Let’s use the scene from Luke, chapter 18 as an example. We have the Pharisee on one hand, who was probably a model citizen, well respected, and externally a tower of piety. He gave to the poor, fasted and prayed, was honest in his dealings with others, and yet, he fell short before the eyes of Jesus. Our culture today, like the Pharisee, often determines one’s worth by his accomplishments and status. It is easy to look upon others, such as the publican, who externally seems less, with contempt or simply presuming they ‘got what they deserved’.  But how does Jesus see the publican? He doesn’t look at him on the basis of his status in society, nor in the eloquence of his prayer, nor by the works he has done, but solely in his reverence of God and his humility before the Almighty. “O God, be merciful to me, a poor sinner”. No eloquence here. The publican sees the truth of who he is in the light of God, and clings to God’s mercy as his hope. This is the power beyond our own capacity; we remain small and allow God to be great.

Imagining these two figures in a dark room makes their contrast a stark one. The publican is bathed in light as he ‘humbly ascends’ towards God. The Pharisee, only feet away, is stumbling in the dark trying with all his might to illumine his own greatness so that others may see how high he has ascended. As was a common theology of his day, the Pharisee believed that his obedience to the law and man-made perfection equate with sanctity. The thrust of Jesus’ praise of the publican’s prayer opens a before-concealed door to the heart of God; it reveals how much God doesn’t want us to be self-made saints, but rather made holy through Him who is refuge and mercy.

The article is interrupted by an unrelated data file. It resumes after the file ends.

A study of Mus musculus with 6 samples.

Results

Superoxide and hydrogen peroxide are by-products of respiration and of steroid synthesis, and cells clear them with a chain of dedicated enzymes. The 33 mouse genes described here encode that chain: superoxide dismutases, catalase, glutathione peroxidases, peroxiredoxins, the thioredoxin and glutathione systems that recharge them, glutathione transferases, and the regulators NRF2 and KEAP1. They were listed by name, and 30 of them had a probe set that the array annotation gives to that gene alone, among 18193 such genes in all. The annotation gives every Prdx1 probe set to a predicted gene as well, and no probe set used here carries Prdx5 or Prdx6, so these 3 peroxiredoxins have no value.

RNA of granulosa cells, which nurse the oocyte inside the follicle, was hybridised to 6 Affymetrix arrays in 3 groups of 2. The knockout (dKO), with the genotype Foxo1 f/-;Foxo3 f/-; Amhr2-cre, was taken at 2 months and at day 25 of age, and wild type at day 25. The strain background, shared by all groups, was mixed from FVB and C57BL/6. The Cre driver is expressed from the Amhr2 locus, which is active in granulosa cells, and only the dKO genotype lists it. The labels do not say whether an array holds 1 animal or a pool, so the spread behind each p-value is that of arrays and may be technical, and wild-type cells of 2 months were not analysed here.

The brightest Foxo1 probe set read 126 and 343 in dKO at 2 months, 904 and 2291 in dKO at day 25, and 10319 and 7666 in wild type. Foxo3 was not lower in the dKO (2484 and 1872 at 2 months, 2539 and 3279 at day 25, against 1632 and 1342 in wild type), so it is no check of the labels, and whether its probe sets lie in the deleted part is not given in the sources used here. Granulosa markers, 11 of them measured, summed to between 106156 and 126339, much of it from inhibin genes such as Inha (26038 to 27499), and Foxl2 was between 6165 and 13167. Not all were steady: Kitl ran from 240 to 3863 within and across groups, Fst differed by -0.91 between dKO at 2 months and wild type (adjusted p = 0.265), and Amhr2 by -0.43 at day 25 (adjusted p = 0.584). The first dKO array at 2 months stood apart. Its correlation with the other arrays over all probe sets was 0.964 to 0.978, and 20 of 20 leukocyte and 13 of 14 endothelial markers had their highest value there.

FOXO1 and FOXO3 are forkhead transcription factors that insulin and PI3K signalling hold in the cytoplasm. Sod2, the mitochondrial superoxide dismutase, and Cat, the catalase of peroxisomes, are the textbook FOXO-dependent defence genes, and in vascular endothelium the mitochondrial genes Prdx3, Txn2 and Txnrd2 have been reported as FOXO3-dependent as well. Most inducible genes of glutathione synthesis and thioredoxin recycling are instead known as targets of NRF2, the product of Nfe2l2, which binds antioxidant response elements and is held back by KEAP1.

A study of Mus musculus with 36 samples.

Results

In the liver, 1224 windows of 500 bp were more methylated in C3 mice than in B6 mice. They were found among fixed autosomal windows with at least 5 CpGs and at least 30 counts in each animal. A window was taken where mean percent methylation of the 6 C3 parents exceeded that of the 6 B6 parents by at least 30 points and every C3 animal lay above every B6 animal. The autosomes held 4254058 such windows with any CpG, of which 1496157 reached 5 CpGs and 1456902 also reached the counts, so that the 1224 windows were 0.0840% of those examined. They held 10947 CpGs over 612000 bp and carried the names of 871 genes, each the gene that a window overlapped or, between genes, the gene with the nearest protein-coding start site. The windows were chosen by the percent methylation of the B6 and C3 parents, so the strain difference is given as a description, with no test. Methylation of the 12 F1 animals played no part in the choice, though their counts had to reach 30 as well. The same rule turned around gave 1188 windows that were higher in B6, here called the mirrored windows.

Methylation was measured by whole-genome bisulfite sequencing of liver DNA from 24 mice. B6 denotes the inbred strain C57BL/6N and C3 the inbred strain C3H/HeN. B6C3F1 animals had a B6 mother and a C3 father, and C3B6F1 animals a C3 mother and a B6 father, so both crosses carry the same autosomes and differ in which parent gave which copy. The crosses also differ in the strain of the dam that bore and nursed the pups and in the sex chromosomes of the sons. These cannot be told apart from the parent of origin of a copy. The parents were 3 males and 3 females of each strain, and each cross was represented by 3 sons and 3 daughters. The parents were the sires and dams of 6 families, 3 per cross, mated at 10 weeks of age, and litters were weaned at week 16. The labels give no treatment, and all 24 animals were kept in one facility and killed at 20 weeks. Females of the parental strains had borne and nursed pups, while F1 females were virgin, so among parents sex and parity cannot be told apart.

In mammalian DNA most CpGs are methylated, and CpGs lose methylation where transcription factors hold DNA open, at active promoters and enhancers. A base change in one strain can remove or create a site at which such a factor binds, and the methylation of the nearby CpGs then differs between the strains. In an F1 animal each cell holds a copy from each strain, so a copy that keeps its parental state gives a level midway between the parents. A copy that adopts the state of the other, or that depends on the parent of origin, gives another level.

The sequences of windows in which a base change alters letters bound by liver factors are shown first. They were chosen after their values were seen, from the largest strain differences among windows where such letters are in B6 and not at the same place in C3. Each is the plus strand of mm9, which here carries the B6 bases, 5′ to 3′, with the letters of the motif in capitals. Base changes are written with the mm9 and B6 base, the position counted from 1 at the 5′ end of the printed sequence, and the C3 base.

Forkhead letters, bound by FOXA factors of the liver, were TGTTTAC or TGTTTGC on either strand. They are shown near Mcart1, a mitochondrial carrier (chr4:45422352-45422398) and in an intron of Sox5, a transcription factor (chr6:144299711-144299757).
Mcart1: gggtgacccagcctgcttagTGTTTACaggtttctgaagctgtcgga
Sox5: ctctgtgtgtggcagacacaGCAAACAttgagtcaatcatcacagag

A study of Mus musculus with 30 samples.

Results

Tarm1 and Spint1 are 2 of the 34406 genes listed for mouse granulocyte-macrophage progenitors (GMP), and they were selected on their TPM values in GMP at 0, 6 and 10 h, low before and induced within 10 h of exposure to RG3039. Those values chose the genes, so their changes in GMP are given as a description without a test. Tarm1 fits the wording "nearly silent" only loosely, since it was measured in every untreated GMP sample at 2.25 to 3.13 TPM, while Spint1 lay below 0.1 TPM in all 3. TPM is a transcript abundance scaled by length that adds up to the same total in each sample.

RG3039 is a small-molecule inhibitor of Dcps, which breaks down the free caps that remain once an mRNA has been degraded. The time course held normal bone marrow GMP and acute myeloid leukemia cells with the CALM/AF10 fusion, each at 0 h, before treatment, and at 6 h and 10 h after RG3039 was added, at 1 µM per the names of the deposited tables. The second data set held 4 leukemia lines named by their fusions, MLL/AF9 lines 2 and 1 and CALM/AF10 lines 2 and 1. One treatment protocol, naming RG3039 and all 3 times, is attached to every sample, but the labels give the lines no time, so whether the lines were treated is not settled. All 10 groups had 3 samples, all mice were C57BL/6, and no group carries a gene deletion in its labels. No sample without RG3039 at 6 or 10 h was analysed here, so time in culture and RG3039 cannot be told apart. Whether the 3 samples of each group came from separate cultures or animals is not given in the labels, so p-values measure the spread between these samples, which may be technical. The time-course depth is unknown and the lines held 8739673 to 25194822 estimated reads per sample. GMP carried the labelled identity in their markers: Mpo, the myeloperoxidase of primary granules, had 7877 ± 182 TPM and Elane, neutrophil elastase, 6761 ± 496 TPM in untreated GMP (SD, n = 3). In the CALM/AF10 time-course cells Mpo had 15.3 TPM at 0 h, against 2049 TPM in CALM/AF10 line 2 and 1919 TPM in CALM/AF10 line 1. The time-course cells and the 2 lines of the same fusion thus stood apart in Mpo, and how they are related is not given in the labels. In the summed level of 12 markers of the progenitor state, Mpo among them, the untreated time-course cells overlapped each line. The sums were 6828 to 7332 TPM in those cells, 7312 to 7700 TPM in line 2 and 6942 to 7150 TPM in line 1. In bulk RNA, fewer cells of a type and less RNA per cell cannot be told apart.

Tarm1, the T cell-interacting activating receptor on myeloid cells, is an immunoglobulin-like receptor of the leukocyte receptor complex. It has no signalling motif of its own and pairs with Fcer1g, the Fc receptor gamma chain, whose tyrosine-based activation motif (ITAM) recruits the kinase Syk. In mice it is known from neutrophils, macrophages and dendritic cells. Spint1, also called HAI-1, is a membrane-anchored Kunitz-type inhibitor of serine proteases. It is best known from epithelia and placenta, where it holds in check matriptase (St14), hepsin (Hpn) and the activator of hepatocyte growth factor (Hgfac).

The Catechism of the Catholic Church states that perfection passes through the cross and that there is no holiness without renunciation and spiritual battle (CCC 2015). Renunciation is evident in the publican’s display of humility. It was once described to me that the spiritual battle as filled with often imperceptible barriers which mask themselves under the name of virtue; a virtue that in the end deceives us into climbing up the rungs of the wrong ladder disguised in our prayer and works of mercy. The problem with going up the wrong ladder is when we meet with obstacles of fatigue and unpleasant situations, we have nothing solid to stop our fall – it crashes down like a house of cards. We begin to think like the Pharisee that believes he has done everything right, so “why is this happening to me?” Our failing in these circumstances lead to discontent, envy, and maybe even despair. These feelings are signs we are going in the wrong direction. The right direction is pointed out to us by the publican whose prayer is focused solely on God, and who was perfectly comfortable to admit his lowliness.

It is in moments such as these, we can choose to be the Pharisee and cling to our external shows of piety, hoping all will notice our virtue. Indeed, the world will congratulate us for our ‘goodness’. We have a choice, and can dare to follow the publican’s ascent down, off the ladder of external practices and perfectionism, into the depths of true humility where we risk to lose position and esteem before others. It is here, before God, we are not afraid to cry out, “Have mercy, O God, I am a sinner” and be wrapped in his grace. Here we can place ourselves before the Lord, in His light which reveals how truly small and broken we are…and not be afraid to be home there.